5/24 Can Harm Chase Partners and Keep Them From Growing Their Niche Portfolios
The idea here is Chase does not want to invest a costly signup bonus on someone who is moving from card to card. They only make their money back acquiring a customer if that customer keeps the card and uses it over time.
However this is a fairly blunt instrument.
- It means there are Marriott ‘Ambassador’ members who spend over 100 nights and $20,000 with the chain, with perfectly good credit, who want to carry the brand in their wallet. They apply for the Marriott Rewards® Premier Plus Credit Card and get rejected.
- It means there are United Global Services members spending over $50,000 a year with the airline who want the United co-brand — which is a pre-requisite for getting upgraded on domestic award tickets — and who get declined.
Meanwhile I think that the World of Hyatt Credit Card is a fantastic card. But the market for the Hyatt card is relatively narrow. Hyatt has a limited footprint. They have the best elite program if their hotel locations works for you. Most people with a Hyatt card aren’t going to just have a Hyatt card. As a result 5/24 seems disproportionately likely to keep the bank from building its Hyatt portfolio.
Better to Approve Customers Without a Signup Bonus
American Express has a different tact. They only allow one initial bonus per card in a lifetime (lifetime being as long as their records reflect you’ve had the card before). More recently they’ve added additional unpublished hurdles where they decide you may or may not be eligible for a bonus. But they tell you in advance during the application process whether or not they’ll give you that bonus. They let you apply, and will approve you for the card, either way.
In contrast Chase won’t give you the card at all if you’re at 5/24. I’ve written that I believe Chase ought to follow the American Express lead here and at least be willing to approve customers for their cards, albeit without a bonus. That has largely upside — a customer getting a card without bonus is likely to keep the card and likely to use it, and it’s less expensive to acquire that customer.
Of course that would take a focus and investment at Chase in creating the algorithm and separate approval path, and they haven’t shown any inclination to do that. Co-brand partners like United and Marriott should be pushing them to do so.
Expanded 5/24 Re-orders Which Cards to Get First
Now that 5/24 appears to have expanded to more cards the strategy over ‘which cards to get first’ changes.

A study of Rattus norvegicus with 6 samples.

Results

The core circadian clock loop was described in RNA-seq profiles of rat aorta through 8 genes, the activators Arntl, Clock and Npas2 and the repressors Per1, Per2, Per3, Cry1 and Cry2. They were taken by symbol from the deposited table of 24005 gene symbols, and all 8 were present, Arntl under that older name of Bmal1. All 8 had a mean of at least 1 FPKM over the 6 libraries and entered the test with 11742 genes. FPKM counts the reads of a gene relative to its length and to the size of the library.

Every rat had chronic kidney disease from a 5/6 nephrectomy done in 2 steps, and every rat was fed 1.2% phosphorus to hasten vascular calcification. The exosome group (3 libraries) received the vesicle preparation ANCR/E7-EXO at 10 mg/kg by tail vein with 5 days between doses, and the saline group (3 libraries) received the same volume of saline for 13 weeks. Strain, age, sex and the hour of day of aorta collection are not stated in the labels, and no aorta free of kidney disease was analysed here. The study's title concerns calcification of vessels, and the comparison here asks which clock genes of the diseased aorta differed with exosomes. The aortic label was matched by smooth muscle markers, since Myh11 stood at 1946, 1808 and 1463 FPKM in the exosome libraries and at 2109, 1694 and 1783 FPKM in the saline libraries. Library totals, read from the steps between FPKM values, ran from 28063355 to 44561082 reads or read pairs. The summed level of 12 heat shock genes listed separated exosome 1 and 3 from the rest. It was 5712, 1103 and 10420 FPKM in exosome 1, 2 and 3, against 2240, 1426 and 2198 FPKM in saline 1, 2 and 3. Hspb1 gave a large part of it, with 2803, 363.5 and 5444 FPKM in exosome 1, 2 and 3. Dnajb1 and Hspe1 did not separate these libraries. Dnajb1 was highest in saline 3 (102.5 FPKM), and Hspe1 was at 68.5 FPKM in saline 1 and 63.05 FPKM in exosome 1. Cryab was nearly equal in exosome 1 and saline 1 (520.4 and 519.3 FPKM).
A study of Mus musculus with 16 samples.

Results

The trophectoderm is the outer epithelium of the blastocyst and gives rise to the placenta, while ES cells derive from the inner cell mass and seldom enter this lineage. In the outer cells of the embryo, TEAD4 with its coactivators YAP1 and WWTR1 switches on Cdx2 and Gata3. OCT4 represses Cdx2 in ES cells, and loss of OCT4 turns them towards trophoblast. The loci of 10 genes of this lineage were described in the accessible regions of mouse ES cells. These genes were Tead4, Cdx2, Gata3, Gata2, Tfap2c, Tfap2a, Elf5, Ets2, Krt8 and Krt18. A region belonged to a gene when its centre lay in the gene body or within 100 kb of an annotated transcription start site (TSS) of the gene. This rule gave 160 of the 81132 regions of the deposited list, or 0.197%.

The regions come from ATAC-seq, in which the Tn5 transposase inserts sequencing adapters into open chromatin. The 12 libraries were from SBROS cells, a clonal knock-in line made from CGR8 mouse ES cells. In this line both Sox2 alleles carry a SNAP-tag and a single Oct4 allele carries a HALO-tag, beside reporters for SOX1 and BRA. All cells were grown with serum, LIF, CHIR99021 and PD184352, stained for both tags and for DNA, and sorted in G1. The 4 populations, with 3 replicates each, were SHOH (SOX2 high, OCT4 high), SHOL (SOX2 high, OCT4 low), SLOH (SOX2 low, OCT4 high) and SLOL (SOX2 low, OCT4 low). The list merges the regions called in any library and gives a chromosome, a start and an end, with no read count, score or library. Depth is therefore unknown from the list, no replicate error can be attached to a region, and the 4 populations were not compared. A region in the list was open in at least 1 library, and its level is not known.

- If you’re under 5/24, start with Chase business cards. While they are subject to 5/24 (you need to have fewer than 5 new card approvals in the last 24 months to be approved) they do not seem to increase your total (if you’re at 3/24 and get a new Chase business card you stay at 3/24).
The Ink Business Preferred℠ Credit Card has the best new cardmember bonus in the market in my opinion offering 80,000 bonus points after you spend $5,000 on purchases in the first 3 months from account opening.
- Get other business cards first. The CitiBusiness® / AAdvantage® Platinum Select® World Mastercard® with its B>70,000 mile initial bonus after spending $4,000 within the first 4 months of account opening and $0 annual fee the first year (then $99) won’t increase your 5/24 total. Neither will the Blue Business℠ Plus Credit Card from American Express which earns 2 Membership Rewards points per dollar on your first $50,000 in purchases per year and is the best most rewarding card for otherwise-unbonused spend. [Offer expired]
American Airlines Boeing 787-9 Business Class
If you’re under 5/24 and want a Chase personal card my recommendation is the Chase Sapphire Preferred card.
- It has a great initial bonus at 50,000 points after $4000 spend within 3 months.
- It’s easier to get approved for than Sapphire Reserve.
- Points transfer to United, British Airways, Southwest, JetBlue, Singapore Airlines, Virgin Atlantic, Iberia, Aer Lingus, Air France KLM, Hyatt, Marriott and IHG.
- There’s no annual fee the first year then $95.
- You can request to product change after that year to a Sapphire Reserve (in my experience the easiest path to getting one) or to a no annual fee Freedom or Freedom Unlimited card. Having a card that can be product changed is useful given Chase’s restrictions on getting approved for new card accounts.